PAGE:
Careers in Archeology
What does an Archeologist Study?
Archeology is the study of human cultures from around the world throughout history. Archeologists study found items to learn about how people lived in the past, their social habits, farming and hunting practices, buildings and religious beliefs. Occasionally, archeologists discover treasures such as tombs and valuables, although artifacts can also date from just 100 years ago.
Please note that archeology can also be spelt as archaeology and misspelt as archaology or archaoelogy. In this text we will talk about archeology careers rather archaeology careers.
Overview of Careers in Archeology
Archeologists direct their study of archeological data - i.e., sites, artifacts, features, etc. - by referring to existing and current research in their chosen field. This process of discovery and interpretation enables them to reconstruct the culture and behavior of peoples in the past. They can be concerned with any kind of material that provides evidence, from buried buildings and communities to fragments of clothing or bone.
Besides the actual excavations, much time is spent planning beforehand, and then analyzing and recording finds afterwards. Archeologists also use investigative techniques such as fieldwalking (searching ploughed fields), aerial photography, and laboratory testing.
Archeologists may specialize in a variety of areas, such as physical archeology - looking at how humans have changed over time - sub-topics include diet or disease. Others may study cultural archeology - examining how a community organized themselves. Still others may study plant or animal remains, stone tools, ceramics, or other specialist areas.
All archeologists work to preserve and protect areas for future study or appreciation. For these reasons, archeology offers a combination of both physical and intellectual capabilities, making it a highly desirable career.
Duties of archeologists - what is a normal day like for an archaeologist?
Many archeologists study pieces in private collections. Others continue to do digs (excavations) in fields, caves, on a glacier, or in the ocean. They begin by creating a grid of the site, so they can record the location of any artifact they find. As objects or items are discovered, the archeologists take pictures or make drawings, showing how it was positioned, as this may be important in understanding how the artifact was used. This record also helps other archeologists, who may never visit the original site.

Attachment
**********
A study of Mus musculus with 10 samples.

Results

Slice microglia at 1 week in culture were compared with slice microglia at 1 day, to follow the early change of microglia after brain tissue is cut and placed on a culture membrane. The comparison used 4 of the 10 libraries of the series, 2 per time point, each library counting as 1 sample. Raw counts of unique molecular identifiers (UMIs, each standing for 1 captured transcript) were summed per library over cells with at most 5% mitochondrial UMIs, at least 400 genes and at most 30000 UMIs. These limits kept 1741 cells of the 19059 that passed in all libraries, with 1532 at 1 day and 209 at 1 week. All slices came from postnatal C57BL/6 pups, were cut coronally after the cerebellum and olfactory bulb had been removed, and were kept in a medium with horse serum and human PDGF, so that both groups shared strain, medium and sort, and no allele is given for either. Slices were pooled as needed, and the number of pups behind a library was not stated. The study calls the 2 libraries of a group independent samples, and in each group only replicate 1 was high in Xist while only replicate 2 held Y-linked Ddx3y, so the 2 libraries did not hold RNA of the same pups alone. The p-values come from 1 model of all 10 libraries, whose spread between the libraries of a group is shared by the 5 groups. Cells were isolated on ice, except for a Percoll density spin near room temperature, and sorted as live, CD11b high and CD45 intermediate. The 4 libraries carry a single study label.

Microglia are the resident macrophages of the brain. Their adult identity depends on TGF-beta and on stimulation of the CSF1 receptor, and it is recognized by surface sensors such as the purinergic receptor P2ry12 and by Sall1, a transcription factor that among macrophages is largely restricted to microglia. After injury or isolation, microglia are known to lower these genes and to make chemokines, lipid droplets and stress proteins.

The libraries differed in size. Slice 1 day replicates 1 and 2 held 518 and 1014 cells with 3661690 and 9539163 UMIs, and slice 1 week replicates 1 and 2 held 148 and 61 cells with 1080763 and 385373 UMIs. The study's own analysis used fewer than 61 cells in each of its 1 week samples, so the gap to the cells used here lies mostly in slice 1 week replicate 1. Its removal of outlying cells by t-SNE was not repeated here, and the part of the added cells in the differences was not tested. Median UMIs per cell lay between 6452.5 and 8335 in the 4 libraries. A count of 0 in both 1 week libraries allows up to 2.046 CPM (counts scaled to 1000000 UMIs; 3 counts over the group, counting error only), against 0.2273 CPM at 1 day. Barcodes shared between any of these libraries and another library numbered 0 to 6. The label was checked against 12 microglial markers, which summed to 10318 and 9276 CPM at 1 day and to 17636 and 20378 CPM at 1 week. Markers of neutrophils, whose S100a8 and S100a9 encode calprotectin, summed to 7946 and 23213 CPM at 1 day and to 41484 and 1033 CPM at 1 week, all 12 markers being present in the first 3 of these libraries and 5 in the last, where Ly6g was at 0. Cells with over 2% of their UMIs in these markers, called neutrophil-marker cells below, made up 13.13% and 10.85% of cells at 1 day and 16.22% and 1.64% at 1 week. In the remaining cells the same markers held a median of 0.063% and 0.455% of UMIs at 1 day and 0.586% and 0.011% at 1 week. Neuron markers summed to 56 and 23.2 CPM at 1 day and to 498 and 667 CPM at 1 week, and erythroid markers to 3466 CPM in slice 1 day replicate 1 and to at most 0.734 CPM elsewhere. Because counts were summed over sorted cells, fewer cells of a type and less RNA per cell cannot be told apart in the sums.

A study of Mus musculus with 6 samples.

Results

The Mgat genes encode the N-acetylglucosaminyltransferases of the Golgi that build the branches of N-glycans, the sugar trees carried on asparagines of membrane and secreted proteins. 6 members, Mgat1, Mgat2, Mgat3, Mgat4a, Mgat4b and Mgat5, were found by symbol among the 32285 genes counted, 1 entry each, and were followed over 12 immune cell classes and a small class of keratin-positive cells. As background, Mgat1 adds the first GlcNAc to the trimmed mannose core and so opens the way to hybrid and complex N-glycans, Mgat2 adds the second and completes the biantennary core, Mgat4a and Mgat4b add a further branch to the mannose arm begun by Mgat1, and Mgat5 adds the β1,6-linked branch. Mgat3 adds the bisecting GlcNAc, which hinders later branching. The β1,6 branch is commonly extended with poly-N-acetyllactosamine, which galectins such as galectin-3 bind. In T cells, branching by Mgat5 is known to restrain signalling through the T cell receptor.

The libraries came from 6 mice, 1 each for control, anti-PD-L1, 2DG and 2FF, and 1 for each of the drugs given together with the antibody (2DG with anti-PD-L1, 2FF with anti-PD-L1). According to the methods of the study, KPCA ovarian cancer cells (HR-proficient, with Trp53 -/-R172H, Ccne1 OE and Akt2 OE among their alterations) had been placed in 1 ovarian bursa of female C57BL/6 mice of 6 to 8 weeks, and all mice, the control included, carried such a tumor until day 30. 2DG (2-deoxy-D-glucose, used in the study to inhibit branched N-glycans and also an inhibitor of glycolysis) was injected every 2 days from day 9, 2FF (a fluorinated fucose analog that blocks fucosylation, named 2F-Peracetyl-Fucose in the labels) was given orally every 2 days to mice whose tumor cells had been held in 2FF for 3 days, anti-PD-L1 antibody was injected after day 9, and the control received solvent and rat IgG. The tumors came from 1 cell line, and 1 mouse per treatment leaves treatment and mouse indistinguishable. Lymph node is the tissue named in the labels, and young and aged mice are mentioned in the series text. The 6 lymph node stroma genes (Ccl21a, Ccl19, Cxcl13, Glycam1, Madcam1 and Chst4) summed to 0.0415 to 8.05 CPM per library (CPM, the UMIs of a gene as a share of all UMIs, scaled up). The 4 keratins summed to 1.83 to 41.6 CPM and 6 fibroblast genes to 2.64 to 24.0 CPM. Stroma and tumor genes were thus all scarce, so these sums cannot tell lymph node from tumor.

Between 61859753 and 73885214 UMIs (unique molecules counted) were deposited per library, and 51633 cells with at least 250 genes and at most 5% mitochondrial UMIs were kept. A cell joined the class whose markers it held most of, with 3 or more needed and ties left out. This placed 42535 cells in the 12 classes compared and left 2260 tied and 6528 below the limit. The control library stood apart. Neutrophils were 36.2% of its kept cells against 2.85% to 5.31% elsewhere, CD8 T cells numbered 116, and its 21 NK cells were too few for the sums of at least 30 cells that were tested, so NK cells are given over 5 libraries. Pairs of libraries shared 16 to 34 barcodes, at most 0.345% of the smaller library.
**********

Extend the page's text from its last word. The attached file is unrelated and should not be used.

Archeologists use trowels to carefully move the soil. Once an object is found, a brush may be used to remove the dirt. Artifacts are then placed into bags and labeled. A screen may be used to separate out small objects such as seeds. Archeologists usually work in teams, with each person contributing to the explanation of the findings.
All archeologists perform their analyses in a lab, sorting, measuring and categorizing their finds. Computers are used to analyze the data. Findings may be compared with findings from another site to see if there are similarities. This process of examination is also recorded, sometimes forming the basis of articles for publication in journals.
Many archeologists work in colleges, conducting research and teaching students, or in museums, where they research and maintain the collections.
The lifestyle of archeologists - Would an archaeology career suit you?
Archeologists must show excellence in three areas:
- In the field (data collection).
- In the lab (identification).
- In front of the computer (analysis and writing).
Field testing, excavation and laboratory techniques must be learned in the field, while lab techniques and data interpretation and analysis must be learned in the classroom.
Knowledge of techniques is critical for working in this field, as is the ability to use computers and software applications of many kinds. Research skills and the ability to read a lot are also essential.
What training do archeologists need? Nine out of ten archeologists are graduates. Although most have degrees in archeology, others have degrees in related subjects such as geography or biology. In some countries, including America, archeologists are trained as anthropologists at degree and post-graduate level, as archaeology is actually a sub-discipline of anthropology.
With a Bachelor's degree, you could get a job with cultural resource management consulting firms, or go on to graduate school to pursue a Master's degree or a PhD. From there, teaching and/or research are the best options. Archeologists with any degree have a good chance of employment with cultural resource management firms. Teaching or senior research positions are usually limited to those archeologists with a PhD.
Archeologists are likely to need to gain experience of field excavation work before getting a paid job. This means showing commitment by working as a volunteer.
Hours are extremely variable on digs, often due to quality of daylight and the weather. Some archeologists in laboratories or museums work standard office hours from Monday to Friday.
What are archaeologists yearly salary and what is the job outlook for archaeologists?
Around 40% of archaeologists work for commercial organizations which carry out field investigation and research. They are also employed by nationally funded or not-for-profit organizations. Only a small proportion of people who study archaeology make a long-term career in the profession. It can be difficult to get established, and you are likely to start with a series of short-term contracts. Salaries for Archaeologists therefore tend to be fairly low at the start of their careers.